SIDEBAR: 10 Tips for Getting the Most Out of Your Consultants.
Who you see is who you get. Consultancies will send their best people to sell you on an enterprise software project. But by the time you make up your mind to buy, those people may not be available. If you meet someone you really like during the sales process, name him in the contract to guarantee he will show up.
Play golf. Businesspeople buy enterprise software, not IT people. Build a relationship with the businesspeople who will sign the consulting cheques so that you will have a say in the choice.
Check the people's references, not the company's. Make the consultancy give you customer references for the managers who have been assigned to you before you sign the contract. Talk with their past customers about specific issues in their performance. Did they miss deliverable dates? How did they deal with the situation?
Ensure knowledge transfer. If you want your internal people to learn from the consultants, write a specific employment contract with each consultant stating that they will remain until the employee they've been paired with has been fully trained.
Get access to their methodology and understand it. Many consultancies have internal project documents they share with each other but not with customers. Demand to see every document that relates to your project - including e-mails - and give your employees access to the Web site the consultants use for the project.
Plan for business improvement, not systems installation. Studies have shown that new ERP systems cost more to support than the systems they replace, so if you don't have specific benefits - reduced transaction costs or improved worker productivity - outlined in your contract, your project will not net much return.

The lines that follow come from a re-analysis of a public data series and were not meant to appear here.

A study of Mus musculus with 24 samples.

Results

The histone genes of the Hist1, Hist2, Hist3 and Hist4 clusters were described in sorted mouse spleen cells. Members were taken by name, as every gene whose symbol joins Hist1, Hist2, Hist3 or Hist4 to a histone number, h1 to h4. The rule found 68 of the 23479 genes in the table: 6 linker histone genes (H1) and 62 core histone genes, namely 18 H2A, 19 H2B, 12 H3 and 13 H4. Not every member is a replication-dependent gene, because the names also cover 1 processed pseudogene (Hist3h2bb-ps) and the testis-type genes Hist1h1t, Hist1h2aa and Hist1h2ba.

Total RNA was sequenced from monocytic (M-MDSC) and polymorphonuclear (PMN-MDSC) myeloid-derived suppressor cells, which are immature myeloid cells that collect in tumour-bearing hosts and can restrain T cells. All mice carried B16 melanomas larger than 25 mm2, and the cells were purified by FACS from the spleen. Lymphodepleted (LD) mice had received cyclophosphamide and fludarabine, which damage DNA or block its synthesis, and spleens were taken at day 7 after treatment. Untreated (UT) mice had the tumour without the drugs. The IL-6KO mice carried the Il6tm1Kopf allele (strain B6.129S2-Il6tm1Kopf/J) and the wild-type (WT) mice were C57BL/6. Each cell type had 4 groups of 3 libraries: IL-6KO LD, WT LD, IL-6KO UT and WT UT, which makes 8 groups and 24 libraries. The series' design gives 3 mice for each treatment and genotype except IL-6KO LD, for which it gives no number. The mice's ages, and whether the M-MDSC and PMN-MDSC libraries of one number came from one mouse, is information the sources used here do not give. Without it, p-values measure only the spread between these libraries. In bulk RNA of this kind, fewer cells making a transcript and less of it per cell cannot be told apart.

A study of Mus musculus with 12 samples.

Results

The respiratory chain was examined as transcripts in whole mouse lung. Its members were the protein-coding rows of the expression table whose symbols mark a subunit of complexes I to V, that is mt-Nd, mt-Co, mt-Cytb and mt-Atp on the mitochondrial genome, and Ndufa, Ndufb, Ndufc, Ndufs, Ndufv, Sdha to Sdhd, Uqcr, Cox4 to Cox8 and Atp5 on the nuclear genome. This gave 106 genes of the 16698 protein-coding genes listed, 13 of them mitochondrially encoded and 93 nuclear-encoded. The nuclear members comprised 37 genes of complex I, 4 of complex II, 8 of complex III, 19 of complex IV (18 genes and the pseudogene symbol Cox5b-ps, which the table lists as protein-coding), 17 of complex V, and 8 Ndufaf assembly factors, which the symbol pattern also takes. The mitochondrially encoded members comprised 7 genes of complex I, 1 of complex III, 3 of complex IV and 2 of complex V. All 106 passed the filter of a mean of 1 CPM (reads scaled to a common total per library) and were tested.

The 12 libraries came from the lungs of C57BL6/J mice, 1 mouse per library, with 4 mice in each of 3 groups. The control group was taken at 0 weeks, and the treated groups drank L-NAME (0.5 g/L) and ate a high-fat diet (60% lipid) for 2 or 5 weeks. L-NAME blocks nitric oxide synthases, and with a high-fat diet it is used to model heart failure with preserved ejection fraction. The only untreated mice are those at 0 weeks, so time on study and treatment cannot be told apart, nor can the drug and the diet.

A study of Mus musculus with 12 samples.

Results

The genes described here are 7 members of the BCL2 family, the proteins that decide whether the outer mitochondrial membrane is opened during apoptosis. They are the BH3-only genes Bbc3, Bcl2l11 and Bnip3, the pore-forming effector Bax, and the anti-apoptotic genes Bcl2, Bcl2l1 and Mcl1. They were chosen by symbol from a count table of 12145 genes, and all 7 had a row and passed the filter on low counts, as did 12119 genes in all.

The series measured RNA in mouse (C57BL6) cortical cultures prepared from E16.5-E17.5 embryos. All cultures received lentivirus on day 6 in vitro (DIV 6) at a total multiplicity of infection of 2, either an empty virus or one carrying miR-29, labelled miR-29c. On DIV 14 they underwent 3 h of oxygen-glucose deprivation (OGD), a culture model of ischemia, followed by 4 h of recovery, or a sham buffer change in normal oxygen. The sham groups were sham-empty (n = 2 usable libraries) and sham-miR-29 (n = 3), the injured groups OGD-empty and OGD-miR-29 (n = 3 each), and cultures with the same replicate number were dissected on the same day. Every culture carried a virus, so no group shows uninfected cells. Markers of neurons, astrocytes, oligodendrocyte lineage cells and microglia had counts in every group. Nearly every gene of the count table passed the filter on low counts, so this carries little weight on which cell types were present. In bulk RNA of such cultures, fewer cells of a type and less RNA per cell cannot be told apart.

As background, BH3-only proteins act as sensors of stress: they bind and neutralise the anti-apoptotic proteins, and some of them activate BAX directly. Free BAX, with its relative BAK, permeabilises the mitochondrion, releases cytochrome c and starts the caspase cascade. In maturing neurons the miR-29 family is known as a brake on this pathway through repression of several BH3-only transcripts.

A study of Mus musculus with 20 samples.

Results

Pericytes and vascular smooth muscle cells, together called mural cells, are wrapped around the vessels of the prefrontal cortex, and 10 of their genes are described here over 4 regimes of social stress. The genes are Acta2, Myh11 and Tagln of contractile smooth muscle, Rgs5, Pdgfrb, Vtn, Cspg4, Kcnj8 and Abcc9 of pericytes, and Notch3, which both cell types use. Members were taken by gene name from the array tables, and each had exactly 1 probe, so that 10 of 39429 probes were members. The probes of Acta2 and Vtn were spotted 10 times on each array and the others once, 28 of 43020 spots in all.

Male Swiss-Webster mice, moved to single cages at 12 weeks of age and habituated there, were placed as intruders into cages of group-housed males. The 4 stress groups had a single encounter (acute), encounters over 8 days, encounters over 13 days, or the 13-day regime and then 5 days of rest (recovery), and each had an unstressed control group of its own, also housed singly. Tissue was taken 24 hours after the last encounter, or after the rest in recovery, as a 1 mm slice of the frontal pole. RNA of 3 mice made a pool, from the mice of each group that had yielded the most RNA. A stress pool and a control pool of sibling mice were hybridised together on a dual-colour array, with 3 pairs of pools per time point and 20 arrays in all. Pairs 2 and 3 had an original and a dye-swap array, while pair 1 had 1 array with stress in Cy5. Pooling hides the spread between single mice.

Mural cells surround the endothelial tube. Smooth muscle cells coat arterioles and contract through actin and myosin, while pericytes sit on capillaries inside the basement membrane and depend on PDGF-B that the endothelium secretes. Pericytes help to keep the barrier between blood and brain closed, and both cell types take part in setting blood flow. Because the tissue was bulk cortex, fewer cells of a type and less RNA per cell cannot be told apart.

Screen every consultant. Make sure you have someone on staff who is knowledgeable about enterprise software and can grill consultants to make sure they have the skills they represent on their resumes.
Make them come back. It can take companies months or even years to get a big enterprise software system working right. Insert a clause in your contract that brings the consultants back at a reduced rate if the stuff breaks down after they've left.
Push for discounts. Consultancies are willing to discount, especially in these tough times. Gartner found that 80 per cent of consultancies it surveyed were willing to reduce their services fee by 10 per cent to 20 per cent for clients that will give them follow-on work, a big deal or agree to be a customer reference. But don't forsake the goals of your project for a discount. You'll pay more in the end.
Plan for turnover. Turnover among the consultants on big enterprise software projects is inevitable, so make sure you have an internal process for getting a new consultant the basic tools - a work area, a desk, project documentation and so on - so that he can get right to work when he arrives.